From Sur, I drove the 50km to the eastern most point of the Arabian Peninsula to visit the Ras al Jinz Turtle Reserve, south of Ras Al Hadd. The turtle reserve was formed in 1996 and covers a large area around the coast of the Peninsula, including one kilometre into the Arabian Sea. On account of the sandy beaches, warm fertile waters, Oman’s peninsula is the ideal for approximately 25,000 Green Turtles to lay their 50-60,000 eggs each year.  Archaeologists have uncovered 6,000-year-old remains of fishermen's villages, but today you’ll be surprised and relieved at the lack of development, the reserve is almost untouched. So come and enjoy the sight of the turtles (best time to come is July to October), the emptiness of the Arabian Desert, the quiet star-filled night skies and the magnificent sun rises over the Arabian Sea.

While at the Turtle Reserve I would join a morning turtle tour which started at 4:00am, with our guides being locals, Nassa and Abdel who would lead us to the Ras Al Jinz beach and teach us about the turtle’s journey and lifecycle. The reserve is the largest nesting site in the world of the endangered Green Turtle , even though 25,000 turtles nest here annually. I was visiting in January, and unfortunately winter is the low season for turtle nesting, however we were fortunate to see a relatively large female come ashore in the darkness, dig a hole in the sand using the tips of their paws so as to bury their eggs and then return to the sea.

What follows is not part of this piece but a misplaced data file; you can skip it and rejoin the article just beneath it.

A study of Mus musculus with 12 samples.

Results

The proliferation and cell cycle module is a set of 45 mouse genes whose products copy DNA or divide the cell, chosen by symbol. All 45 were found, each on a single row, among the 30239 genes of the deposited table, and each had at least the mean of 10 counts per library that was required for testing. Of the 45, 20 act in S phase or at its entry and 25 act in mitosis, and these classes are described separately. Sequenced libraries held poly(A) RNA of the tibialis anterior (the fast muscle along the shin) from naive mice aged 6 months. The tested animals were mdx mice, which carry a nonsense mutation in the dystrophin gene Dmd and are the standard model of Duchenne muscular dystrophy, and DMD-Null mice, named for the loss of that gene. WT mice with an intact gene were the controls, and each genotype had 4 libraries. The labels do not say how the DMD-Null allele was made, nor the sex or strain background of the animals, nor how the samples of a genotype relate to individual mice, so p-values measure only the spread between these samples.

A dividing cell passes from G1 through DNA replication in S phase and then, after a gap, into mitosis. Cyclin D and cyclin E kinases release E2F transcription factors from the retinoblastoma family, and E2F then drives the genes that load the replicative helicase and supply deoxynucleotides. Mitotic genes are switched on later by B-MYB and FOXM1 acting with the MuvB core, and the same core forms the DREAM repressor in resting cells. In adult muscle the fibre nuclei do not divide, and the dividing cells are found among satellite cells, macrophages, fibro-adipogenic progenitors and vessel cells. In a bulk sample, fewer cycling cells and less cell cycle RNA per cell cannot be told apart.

A Green Turtle, weighing around 200kgs, will lay about 100 golf ball sized eggs. As day breaks over the Arabian Sea we continued to witness a large female continue to lay her eggs, but usually the turtles have covered the nest and returned to the sea before day break.  Several hours after beginning the nesting process the turtle will return to the sea to which she came, no doubt aware that the reality of the situation is that only 1 in 1,000 of turtle hatchlings will live to adulthood to return to nest on the same beach to which they were born in.

Once your morning turtle encounter is complete and you still feel like more exploring, head south to the Wahibah Sand dunes, you may even encounter one of the driving occupational hazards in Arabia; roaming camels! I was glad to see a wild camel up close, my Arabian leg wouldn’t have been the same without it.

The Lonely Planet comment regarding Oman was right, the budget accommodation isn’t budget (relative to other backpacking destinations) and the public transport is limited, but understandably. Without my own wheels to explore I did find I was a bit bored at times, but there was no shortage of friendly and curious locals/immigrant Subcontinent workers to talk with as English is widely spoken. One benefit of hanging around small towns for three or so days is you become a familiar face, and then a friend of the local restaurant, hotel and dairy owner, which helps kill any thoughts of loneliness. Even after a month here in Arabia being surrounded by men in Dishdashas and women in their Abeyya, I still have the distinct feeling I’m a stage hand of a production, surrounded by performers in costume - it’s still strange to see people in their Islamic attire.